3427 Derry Street,
The marquee was large and elaborate for a neighborhood theater, extending out over a small grassy courtyard area with a sidewalk leading to the box office. The facade featured black, green and beige Carerra glass. Two showcases for 40 x 60 posters were on either side, along with windows for lobby cards. The fancy exterior contrasted the rather Spartan interior. A small outer lobby (with poster windows) led to a modest lobby. A small candy counter was on the right, and on the left, two large poster showcases. Between the lobby and the auditorium was a short partition about four feet high. The auditorium was longer than it was wide, and was painted a rosy color, the carpeting maroon with gold swirls. There were three sections of seating: one on each side with five seats across, and a center section with 10 seats across. The Paxtang Theater was clearly built for function, not for beauty.
I don’t know who ran the Paxtang Theater in those days, but in 1946 it was taken over by Dr. Samuel Goldstein, who over the next 20 years became one of the town’s best-known citizens, even though he never lived there. In the early days ‘Doc’ had a little stage show before the Saturday matinee and a special celebration for those having birthdays. Songs were sung and a fine time was had by all. Several movies were shown every week, two or three days at a time, as neighborhood theaters did back then.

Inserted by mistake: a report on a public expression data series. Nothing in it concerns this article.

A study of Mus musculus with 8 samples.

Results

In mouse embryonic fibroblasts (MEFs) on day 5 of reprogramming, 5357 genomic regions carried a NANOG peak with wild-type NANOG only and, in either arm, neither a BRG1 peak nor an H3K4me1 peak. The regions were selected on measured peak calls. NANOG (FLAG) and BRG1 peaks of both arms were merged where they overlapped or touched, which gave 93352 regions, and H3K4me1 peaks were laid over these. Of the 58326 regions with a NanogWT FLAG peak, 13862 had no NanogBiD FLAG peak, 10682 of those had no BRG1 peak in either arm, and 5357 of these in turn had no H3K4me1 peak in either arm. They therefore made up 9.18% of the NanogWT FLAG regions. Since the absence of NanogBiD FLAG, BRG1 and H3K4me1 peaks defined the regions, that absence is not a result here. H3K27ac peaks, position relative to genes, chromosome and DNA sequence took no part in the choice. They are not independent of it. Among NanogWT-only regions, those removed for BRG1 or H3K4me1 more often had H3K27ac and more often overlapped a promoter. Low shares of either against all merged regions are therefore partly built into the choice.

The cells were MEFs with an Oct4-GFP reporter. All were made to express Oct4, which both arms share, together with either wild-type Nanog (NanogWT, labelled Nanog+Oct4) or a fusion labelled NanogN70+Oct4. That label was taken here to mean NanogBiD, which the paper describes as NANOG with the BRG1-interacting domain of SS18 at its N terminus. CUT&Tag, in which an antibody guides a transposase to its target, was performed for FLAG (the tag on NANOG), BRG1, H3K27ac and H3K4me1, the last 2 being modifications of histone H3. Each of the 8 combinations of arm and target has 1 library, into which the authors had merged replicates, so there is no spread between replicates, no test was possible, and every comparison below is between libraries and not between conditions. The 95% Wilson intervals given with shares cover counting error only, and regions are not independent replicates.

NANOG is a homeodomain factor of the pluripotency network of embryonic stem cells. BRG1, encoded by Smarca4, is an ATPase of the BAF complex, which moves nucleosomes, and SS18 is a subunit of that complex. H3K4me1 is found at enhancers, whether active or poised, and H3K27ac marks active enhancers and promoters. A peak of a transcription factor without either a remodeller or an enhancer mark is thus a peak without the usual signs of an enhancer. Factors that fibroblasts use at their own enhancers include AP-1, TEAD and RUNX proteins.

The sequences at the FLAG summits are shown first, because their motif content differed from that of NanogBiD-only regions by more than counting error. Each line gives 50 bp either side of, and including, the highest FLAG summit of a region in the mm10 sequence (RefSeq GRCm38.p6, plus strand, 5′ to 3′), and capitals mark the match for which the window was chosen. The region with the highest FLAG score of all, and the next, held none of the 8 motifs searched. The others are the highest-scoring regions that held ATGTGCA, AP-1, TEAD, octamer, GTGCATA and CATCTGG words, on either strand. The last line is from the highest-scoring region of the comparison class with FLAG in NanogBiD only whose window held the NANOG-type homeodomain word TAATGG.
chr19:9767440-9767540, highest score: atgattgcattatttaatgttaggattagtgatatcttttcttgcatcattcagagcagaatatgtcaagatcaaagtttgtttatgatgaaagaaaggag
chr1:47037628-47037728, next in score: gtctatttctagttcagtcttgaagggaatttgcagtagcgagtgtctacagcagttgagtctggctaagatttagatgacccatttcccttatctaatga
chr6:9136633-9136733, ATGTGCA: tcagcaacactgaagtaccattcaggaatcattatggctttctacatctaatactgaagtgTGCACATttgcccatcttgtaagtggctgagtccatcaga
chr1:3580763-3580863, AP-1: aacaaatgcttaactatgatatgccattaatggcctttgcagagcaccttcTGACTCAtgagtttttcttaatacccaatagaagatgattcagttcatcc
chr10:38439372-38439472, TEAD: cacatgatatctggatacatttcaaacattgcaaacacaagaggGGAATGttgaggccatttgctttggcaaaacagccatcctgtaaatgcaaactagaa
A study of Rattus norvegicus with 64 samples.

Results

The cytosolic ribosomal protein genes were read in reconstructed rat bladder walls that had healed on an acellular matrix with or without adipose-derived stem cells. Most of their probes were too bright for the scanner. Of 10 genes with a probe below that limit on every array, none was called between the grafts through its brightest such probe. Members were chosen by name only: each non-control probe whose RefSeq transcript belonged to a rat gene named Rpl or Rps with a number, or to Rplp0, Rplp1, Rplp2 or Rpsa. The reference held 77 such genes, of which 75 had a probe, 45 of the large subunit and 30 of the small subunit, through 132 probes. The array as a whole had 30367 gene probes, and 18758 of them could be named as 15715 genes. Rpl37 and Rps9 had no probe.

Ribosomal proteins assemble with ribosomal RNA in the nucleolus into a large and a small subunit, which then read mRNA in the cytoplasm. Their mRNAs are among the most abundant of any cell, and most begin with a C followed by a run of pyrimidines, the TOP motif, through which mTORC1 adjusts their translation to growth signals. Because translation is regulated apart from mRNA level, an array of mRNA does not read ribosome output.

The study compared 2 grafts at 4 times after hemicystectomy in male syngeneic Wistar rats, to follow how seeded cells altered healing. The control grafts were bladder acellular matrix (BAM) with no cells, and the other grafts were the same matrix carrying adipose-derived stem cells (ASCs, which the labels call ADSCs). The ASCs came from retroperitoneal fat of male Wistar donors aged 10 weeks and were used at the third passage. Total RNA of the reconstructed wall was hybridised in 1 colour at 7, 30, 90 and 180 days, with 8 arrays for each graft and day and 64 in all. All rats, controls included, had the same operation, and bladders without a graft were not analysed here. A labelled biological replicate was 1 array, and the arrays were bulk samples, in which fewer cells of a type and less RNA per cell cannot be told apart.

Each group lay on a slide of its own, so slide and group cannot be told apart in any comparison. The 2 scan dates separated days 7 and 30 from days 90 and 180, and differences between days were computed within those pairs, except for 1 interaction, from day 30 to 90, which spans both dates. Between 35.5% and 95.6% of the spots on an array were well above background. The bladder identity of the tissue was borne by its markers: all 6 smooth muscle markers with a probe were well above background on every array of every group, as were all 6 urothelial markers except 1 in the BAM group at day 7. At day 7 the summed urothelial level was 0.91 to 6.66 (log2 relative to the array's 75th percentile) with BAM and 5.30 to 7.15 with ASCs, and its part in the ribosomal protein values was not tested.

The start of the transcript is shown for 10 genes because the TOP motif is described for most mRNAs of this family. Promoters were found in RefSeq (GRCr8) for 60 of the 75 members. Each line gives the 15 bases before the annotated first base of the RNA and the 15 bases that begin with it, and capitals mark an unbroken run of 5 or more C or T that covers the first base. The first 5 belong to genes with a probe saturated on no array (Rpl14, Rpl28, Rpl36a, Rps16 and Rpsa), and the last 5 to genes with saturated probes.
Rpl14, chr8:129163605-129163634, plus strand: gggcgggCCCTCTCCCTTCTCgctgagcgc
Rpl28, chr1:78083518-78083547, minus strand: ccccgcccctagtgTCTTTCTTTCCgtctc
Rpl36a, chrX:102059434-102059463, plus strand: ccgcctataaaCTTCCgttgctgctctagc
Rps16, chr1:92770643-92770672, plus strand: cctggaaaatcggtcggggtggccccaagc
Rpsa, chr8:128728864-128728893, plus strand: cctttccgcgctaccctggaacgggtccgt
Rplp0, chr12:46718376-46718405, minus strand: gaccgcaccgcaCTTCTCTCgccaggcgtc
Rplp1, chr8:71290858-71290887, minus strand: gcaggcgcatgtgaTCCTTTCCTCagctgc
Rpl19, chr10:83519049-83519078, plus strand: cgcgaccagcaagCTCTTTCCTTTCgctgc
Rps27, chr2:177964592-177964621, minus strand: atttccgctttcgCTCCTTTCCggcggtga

Doc held on against the advent of television in the 1950’s but the little touches began slipping away. Movies played for a week straight by this time. The little parties ended but the matinees lived on, and are a fond memory of mine, spending almost every Saturday in the dark watching the great and not-so-great on the Paxtang’s somewhat tattered screen. As the 1960’s dawned the theater began getting shabby and shopworn. In November of 1966, Doc surprised everyone by closing the doors and walking away. We had no hint it would happen. Doc and his wife, who took tickets and kept order at night, were in their middle-60’s, and perhaps they thought it was time to retire. They placed a thanks and farewell message on the marquee and left our lives forever. Doc’s last show was “Born Free”.
The Paxtang Theater wasn’t dead, though. A year and a half later it was nicely renovated and reopened by a fellow who operated the Rainbow Roller Rink in Mechanicsburg. The new projection, screen and sound were top-notch, the marquee was given a spectacular neon treatment, and the theater triumphantly reopened with a packed house for Disney’s “The Jungle Book”. On the inside gold paint replaced the drab rosy color, with contrasting red carpeting, and a partition and doors were placed between the lobby and the auditorium. But the seats were just as hard and narrow as ever!
The theater held on for the next several years, even taking a stab at running foreign and art films for a while, but ultimately the changing demographics of the town and nearby multiple cinemas brought the Paxtang Theater to an end in 1974. The last film to grace its screen was “American Graffiti”. The next day the building was taken over by the Harrisburg Gymnastics School, which converted the theater into a gymnasium, and that is how it remains today.